Winter Garden resident Lawrence Cheever (referred to as Larry by family and friends) was born on September 20th, 1920, and he is 100 years old.
Now, being 100 years old comes with some fascinating realities. For example, Larry knew his grandmother; he would see her regularly until her death, which was when he was 15 years old. His memories of her are quite tangible. The reason why this is particularly interesting is because Larry’s grandmother was born in 1850. That means she was about 11 years old when the Civil War broke out and about 15 years old when it ended! That places Larry one degree away from someone who lived through the American Civil War! Not only this, but Larry’s grandfather actually fought in the Civil War for the North. The allure of Larry’s history does not end there- Larry’s family can trace themselves back directly to living in Massachusetts- during the American Revolution.
For years Larry has told his life stories to his family and friends, even wrote some down. Many of them sound like classic All-American moments.
“I remember one time in the winter a little child put his mouth around the steel pole on the merry go round. His tongue stuck fast to the frosty pole and the teacher came and put snow on it till it let go. If he had pulled his tongue loose it would have taken all its skin off it,” said Larry recalling a story that took place in the 1920s.
Larry has countless tales, but this July, as we celebrate the blessing of our national independence, we focus on why we acknowledge Larry Cheever as a hero among us.
He was 19 years old when the United States entered World War II, and he was one of the first waves of young men to be drafted. Larry explained that at the Induction Center, they swiftly ushered all the boys into a building and into a line in which they gave them a paper to sign. This is where Larry first realized he was going to have some difficulty being an army man.
“I started reading it, and a Sergeant said, ‘Sign it and get on down the line!’ I said, ‘My dad told me never to sign anything until you have read it all.’ He said, ‘You’re in the army now bud, you just sign it and get on down the line!’ I signed it, but to this day, I don’t know yet what I signed,” Larry recounted with laughter.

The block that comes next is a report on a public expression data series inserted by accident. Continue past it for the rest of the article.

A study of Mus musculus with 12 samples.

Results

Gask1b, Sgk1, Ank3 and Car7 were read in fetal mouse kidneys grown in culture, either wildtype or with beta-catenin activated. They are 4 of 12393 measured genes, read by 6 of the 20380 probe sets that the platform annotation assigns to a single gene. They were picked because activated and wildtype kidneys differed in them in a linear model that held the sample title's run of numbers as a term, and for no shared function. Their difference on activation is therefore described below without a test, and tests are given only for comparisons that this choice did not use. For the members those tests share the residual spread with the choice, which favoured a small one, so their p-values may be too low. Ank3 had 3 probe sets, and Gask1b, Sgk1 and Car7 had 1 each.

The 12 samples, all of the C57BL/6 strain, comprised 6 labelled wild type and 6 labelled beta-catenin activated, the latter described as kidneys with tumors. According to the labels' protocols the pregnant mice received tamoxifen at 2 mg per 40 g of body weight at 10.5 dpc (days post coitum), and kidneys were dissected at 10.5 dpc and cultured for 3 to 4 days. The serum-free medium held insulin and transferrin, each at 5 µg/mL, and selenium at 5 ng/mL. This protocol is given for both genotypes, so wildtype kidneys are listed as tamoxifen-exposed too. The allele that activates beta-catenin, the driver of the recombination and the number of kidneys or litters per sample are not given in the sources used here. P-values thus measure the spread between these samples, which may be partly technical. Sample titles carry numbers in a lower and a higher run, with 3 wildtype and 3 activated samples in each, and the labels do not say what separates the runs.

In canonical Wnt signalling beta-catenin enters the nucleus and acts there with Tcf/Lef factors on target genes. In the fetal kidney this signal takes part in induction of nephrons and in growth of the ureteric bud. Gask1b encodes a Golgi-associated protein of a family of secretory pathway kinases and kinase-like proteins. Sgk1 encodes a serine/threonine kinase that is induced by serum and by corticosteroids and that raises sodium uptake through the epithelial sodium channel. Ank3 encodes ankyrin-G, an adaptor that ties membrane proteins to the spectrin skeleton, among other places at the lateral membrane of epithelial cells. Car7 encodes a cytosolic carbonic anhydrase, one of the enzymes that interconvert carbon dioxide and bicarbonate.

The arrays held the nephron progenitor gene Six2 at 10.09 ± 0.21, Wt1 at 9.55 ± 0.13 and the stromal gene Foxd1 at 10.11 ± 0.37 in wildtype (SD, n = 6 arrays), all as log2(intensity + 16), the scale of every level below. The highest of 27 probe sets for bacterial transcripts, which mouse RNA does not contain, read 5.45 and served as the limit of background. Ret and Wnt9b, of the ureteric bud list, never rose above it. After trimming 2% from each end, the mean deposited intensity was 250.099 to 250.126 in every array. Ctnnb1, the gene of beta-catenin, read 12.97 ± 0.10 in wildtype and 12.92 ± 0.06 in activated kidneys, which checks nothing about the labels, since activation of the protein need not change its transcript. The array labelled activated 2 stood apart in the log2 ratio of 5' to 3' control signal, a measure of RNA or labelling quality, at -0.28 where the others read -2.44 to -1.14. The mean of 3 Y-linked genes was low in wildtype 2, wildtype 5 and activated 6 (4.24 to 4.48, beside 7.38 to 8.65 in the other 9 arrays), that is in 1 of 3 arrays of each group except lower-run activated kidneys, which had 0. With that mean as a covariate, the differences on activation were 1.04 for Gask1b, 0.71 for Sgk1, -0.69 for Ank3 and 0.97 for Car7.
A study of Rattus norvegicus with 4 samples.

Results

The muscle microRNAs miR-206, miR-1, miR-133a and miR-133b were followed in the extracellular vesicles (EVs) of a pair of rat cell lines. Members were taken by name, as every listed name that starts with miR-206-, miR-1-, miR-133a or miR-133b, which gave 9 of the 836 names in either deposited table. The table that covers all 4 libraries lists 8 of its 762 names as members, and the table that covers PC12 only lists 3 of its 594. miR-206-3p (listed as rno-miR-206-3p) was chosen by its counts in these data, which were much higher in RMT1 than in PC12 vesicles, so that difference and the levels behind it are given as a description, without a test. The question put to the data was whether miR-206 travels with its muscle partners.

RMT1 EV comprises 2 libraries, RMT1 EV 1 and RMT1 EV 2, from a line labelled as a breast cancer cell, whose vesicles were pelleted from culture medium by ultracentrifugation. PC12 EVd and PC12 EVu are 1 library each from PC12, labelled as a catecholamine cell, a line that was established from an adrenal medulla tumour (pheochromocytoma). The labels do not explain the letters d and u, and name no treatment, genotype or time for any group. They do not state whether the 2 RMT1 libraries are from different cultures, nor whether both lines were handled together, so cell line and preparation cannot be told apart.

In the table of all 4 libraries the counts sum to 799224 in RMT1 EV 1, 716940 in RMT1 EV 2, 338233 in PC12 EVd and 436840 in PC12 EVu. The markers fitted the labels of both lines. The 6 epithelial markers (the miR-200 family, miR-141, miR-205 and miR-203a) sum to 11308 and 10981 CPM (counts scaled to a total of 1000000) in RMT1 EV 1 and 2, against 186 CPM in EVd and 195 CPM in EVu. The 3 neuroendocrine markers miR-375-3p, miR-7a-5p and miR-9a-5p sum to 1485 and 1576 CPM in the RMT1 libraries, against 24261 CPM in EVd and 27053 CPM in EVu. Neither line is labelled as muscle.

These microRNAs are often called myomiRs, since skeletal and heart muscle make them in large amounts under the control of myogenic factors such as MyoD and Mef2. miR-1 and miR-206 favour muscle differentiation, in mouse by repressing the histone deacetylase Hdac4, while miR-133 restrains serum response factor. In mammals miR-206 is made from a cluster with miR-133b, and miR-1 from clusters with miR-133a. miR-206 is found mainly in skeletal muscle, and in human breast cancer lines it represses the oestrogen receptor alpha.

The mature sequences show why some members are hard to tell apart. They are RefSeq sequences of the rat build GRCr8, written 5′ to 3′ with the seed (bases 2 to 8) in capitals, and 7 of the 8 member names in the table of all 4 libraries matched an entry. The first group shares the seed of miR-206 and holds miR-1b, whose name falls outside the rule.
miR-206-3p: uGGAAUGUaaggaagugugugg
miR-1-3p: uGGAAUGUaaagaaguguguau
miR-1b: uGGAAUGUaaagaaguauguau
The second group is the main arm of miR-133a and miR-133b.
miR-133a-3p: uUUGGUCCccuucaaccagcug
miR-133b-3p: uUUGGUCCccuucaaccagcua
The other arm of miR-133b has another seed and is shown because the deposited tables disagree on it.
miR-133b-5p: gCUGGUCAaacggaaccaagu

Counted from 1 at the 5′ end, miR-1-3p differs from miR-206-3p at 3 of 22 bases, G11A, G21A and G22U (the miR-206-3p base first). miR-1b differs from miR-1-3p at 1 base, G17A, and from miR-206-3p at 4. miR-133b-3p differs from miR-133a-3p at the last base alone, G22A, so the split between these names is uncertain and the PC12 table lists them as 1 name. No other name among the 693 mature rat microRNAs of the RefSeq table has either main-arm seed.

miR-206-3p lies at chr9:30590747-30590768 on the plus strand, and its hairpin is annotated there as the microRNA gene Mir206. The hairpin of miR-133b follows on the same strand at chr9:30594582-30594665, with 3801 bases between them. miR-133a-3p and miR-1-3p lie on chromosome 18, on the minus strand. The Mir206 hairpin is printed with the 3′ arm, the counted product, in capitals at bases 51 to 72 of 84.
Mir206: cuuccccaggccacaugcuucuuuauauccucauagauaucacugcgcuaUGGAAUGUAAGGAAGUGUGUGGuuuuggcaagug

After signing, he became a member of the 451st Triple-A Battalion and immediately came into conflict with his superior, a man Larry would never forget, Captain Lossen.
Larry recalls, “I had strikes against me the moment I entered the army. I was a Seventh-day Adventist who believed in keeping the true Sabbath of the Lord as commanded in God’s word. The other was that I objected to carrying a gun to kill my fellow man. Consequently, Capt. Lossen and I had many unhappy meetings together.”
Throughout the war, Larry stood by his faith and beliefs as a Seventh Day Adventist Christian. On one occasion, Captain Lossen called him into his office and lambasted him, stating that if everyone believed as Larry did, that the enemy would come and take them all. Larry replied respectfully to his captain and explained that if everyone believed as he did, there would be no conflicts. As he put it, “the Lord would take care of us, and we wouldn’t have to fight.”
Many times Captain Lossen threatened Larry with a Court Martial. Larry was beside himself and did not know what to do, and he wanted to serve his country and knew his faith and believed he could serve without having to fire a weapon at another human. Just before going overseas, Larry wrote to the nearest SDA Church explaining his situation to the pastor. This pastor came to Larry’s base and spoke with Captain Lossen’s superior, who then arranged for Larry to be a medic, where he was able to serve his country in the war effort without sacrificing his beliefs.
Where Larry saw the most action and horror was during his time in the Italian campaign of the war, especially in the Battle of Anzio, where the Allied Forces faced thousands of casualties. Larry was also present during the last major offensive by Hitler, the Battle of the Bulge, which paved the way to the Allied Victory.
However, the moment that codified Larry’s personal heroism is when he saved two men who were suffering potentially fatal injuries in the middle of a minefield. Portions of their bodies had been mutilated due to their stepping on mines in the field in which they laid. Larry, along with his friend “Shorty” Sturgeon, did not hesitate to walk out into that live minefield, risking their own lives, to save the two men… and they did.
The war did not end without Larry seeing his old Captain again, the one that gave him so much trouble at the beginning of the war. Larry was at a ceremony where he received the bronzed medal for his actions in helping to save the lives of those men in the minefield. The man who pinned the medal on him was more than notable, Captain Lossen himself.
After the war, he went to college, where he met the love of his life, Lois Bale. They married and moved down to Winter Garden, where they created a beautiful life and family together. They spent 69 beautiful years together before her passing in 2018.
Among his many achievements, Larry also took part in building the first Seventh-day Adventist Church in Winter Garden. Larry lives in the home he built in 1961. Many in the community visited him there this past September to celebrate his 100th birthday. Among the many gems our great city of Winter Garden holds, Mr. Larry Cheever is a hero among us, who we should all cherish.